Looking at Marsh v. Chambers as suggested by Avi, the precedent for the Congressional prayer appears to be in part that a prayer was held in the First Congress' session, which drafted the First Amendment. Thus, because a prayer was held before the Establishment Clause was ratified, the drafters must not have intended for it to prohibit a prayer before legislative sessions. According to the ruling, since it is now precedent and appears not to contradict the intention of the drafters, it is permissible:
In light of the history, there can be no doubt that the practice of opening legislative sessions with prayer has become part of the fabric of our society. To invoke divine guidance on a public body entrusted with making the laws is not, in these circumstances, a violation of the Establishment Clause; it is simply a tolerable acknowledgment of beliefs widely held among the people of this country.
I think the justification for the US Motto ("In God we Trust") and including "One Nation Under God" in the Pledge of Allegiance are also helpful. There's some case law in both of those links, but both tend to point to Aronow v. United States, which ruled in favor of allowing the use of the word "God" in the motto. Wikipedia has this excerpt from the ruling:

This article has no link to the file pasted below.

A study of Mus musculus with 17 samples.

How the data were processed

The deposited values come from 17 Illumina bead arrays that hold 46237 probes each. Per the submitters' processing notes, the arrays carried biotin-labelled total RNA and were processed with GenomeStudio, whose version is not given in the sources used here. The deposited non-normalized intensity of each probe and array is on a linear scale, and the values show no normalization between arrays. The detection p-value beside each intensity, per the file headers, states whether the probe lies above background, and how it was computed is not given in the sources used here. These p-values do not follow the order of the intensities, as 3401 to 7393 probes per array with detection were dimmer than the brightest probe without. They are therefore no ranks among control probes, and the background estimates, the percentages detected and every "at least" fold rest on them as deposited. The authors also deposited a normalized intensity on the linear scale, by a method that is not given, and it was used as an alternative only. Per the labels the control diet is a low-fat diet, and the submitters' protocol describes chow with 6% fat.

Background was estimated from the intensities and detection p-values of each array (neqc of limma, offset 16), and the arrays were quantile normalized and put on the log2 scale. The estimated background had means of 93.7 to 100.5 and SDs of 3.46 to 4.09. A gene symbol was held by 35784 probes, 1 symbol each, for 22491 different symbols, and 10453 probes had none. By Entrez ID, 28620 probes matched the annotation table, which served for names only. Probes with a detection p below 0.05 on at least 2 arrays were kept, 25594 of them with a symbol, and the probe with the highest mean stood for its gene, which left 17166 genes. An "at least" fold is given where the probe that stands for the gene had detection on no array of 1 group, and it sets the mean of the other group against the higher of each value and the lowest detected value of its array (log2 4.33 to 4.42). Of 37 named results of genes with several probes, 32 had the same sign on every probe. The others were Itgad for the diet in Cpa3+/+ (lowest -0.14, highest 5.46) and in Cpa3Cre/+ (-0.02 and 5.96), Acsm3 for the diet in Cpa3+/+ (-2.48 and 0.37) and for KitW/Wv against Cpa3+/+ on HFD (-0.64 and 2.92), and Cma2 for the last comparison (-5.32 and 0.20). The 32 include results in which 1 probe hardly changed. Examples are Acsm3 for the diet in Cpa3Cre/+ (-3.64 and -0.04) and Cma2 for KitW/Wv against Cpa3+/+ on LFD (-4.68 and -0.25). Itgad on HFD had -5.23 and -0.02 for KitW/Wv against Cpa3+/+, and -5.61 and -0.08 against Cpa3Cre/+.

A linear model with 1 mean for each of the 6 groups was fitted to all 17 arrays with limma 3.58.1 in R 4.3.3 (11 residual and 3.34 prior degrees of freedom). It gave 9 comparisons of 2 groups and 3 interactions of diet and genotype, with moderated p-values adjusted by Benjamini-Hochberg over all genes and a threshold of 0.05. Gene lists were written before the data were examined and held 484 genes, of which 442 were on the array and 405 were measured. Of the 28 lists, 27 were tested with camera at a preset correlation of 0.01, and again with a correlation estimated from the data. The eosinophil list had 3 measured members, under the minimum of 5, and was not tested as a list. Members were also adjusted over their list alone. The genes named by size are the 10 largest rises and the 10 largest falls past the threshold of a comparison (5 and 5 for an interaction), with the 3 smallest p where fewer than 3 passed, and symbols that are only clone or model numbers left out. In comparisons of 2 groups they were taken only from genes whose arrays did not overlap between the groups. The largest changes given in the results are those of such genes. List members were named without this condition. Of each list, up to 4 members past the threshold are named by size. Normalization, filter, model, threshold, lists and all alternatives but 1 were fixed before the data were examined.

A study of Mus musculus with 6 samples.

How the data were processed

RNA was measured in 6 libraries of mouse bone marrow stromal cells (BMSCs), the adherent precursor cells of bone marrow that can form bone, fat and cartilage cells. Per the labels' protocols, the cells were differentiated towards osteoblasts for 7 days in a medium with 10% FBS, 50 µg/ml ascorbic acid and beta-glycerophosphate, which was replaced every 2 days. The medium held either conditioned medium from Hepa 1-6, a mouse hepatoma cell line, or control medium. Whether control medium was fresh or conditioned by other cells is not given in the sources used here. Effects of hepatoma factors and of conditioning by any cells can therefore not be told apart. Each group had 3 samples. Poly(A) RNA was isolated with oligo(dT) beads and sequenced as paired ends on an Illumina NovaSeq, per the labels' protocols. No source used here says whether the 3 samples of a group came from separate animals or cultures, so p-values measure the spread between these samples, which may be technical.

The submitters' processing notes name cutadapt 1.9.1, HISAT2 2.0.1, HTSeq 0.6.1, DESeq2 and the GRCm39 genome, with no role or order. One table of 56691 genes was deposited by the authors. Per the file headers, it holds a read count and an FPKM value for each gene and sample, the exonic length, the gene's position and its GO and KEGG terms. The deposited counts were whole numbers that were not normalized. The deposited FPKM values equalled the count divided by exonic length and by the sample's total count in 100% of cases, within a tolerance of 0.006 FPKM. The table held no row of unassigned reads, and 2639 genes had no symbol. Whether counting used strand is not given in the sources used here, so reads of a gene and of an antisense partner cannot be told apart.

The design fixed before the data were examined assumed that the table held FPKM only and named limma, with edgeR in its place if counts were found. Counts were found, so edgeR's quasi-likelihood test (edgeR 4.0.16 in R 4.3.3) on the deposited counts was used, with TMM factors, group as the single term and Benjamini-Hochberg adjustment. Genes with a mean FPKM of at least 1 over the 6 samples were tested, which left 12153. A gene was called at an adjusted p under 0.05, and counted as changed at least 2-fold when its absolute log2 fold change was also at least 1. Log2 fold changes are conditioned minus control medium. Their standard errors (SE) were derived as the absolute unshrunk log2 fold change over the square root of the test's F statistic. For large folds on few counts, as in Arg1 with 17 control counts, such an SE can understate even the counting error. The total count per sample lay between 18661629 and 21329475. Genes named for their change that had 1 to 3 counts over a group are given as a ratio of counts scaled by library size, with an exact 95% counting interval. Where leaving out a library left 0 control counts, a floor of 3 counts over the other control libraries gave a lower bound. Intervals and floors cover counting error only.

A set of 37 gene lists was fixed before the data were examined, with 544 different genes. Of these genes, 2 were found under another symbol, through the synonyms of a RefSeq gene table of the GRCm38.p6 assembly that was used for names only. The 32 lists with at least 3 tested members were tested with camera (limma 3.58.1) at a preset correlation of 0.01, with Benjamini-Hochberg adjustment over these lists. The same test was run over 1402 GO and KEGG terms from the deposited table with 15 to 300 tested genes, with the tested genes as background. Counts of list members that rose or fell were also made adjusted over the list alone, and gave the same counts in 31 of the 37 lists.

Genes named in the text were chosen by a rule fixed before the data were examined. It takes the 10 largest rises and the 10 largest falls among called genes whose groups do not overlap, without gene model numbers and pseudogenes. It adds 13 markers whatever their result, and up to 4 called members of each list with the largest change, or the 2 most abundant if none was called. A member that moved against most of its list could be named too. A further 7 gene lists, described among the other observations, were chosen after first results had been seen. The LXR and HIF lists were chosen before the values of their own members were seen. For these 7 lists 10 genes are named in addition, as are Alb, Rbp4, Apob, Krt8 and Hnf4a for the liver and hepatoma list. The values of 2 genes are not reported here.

It is quite obvious that the national motto and the slogan on coinage and currency 'In God We Trust' has nothing whatsoever to do with the establishment of religion. Its use is of patriotic or ceremonial character and bears no true resemblance to a governmental sponsorship of a religious exercise. ...It is not easy to discern any religious significance attendant the payment of a bill with coin or currency on which has been imprinted 'In God We Trust' or the study of a government publication or document bearing that slogan. In fact, such secular uses of the motto was viewed as sacrilegious and irreverent by President Theodore Roosevelt. Yet Congress has directed such uses. While 'ceremonial' and 'patriotic' may not be particularly apt words to describe the category of the national motto, it is excluded from First Amendment significance because the motto has no theological or ritualistic impact. As stated by the Congressional report, it has 'spiritual and psychological value' and 'inspirational quality.
The same logic can be applied to a prayer which affirms faith in God as "ceremonial" and thus holding no theological or ritualistic impact. This may be why the Senate site is careful to say that they separate Church and State, but not God and State - specifying a particular theological version of God (e.g. the Christian God) could be challenged as making the prayer "theological" in nature.